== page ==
The American artist Jasper Johns was once asked what was involved in the creative process: “It’s simple," he replied. "You just take something, and then you do something to it, and then you do something else to it. Keep doing this and pretty soon you’ve got something.”
This idea is reflected in one of my all-time favorite print ads, which was created in the 1960s by Charles Piccirillo to promote National Library Week. The headline consisted of the alphabet in lower case letters like so:
It was followed by this copy:
“At your local library they have these arranged in ways that can make you cry giggle, love, hate, wonder, ponder, and understand.
It’s astonishing to see what these twenty-six little marks can do. In Shakespeare’s hands they became Hamlet. Mark Twain wound them into Huckleberry Finn. James Joyce twisted them into Ulysses. Gibbon pounded them into The Decline and Fall of the Roman Empire. John Milton shaped them into Paradise Lost.”
The ad went to to extol the virtues of reading and mention that good books are available at your library. There are several messages here, but to me the most important is that that creative ideas come from manipulating your resources — no matter how few and simple they are.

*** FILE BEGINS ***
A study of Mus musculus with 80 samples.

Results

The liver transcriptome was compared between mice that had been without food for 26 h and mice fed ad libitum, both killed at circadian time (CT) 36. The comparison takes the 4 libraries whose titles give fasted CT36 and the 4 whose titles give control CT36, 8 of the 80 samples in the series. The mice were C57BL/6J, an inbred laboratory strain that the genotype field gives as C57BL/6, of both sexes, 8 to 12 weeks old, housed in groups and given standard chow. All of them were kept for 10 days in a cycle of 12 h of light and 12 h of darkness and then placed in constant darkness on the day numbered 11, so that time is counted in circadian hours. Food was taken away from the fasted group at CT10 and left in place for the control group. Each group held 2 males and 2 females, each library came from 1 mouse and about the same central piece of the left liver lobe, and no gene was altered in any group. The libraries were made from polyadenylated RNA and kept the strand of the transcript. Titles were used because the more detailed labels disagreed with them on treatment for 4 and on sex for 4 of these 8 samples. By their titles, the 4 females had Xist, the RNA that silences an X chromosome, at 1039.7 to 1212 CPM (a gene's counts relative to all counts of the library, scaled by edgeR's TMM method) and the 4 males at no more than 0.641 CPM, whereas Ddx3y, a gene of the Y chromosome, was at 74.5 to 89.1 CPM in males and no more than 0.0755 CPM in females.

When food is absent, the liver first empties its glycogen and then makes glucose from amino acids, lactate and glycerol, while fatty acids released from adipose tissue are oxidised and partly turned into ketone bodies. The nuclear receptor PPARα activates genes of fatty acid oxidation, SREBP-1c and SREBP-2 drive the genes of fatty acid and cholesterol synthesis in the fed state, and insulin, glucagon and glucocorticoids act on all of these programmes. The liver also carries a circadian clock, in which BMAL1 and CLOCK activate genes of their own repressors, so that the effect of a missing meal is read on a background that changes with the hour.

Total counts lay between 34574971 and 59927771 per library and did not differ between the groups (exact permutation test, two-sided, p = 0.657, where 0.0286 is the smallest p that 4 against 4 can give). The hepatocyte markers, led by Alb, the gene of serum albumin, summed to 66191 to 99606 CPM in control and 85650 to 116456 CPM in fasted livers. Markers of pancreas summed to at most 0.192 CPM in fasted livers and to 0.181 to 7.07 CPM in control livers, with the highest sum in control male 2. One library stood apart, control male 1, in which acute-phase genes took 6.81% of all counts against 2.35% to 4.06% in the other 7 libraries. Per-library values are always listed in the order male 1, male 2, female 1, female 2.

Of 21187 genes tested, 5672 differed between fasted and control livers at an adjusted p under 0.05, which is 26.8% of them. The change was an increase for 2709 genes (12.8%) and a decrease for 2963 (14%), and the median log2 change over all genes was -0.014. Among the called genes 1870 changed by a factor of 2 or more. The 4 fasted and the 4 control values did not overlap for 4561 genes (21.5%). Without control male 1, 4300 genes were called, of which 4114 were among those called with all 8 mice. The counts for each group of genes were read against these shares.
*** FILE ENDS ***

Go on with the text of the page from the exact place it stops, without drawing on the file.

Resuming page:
With this outlook, we try different approaches, first one, then another, often not getting anywhere. So, what we’re talking about is attitude of experimenting and trying different approaches, first one and then another. You rearrange things and turn them upside down. You may ask some “what if?” questions and look for hidden analogies. You might even challenge the rules. And, as a result of this playing around, you just might come up with a workable new idea.
Question: What basic resources at your disposal can you manipulate into something new?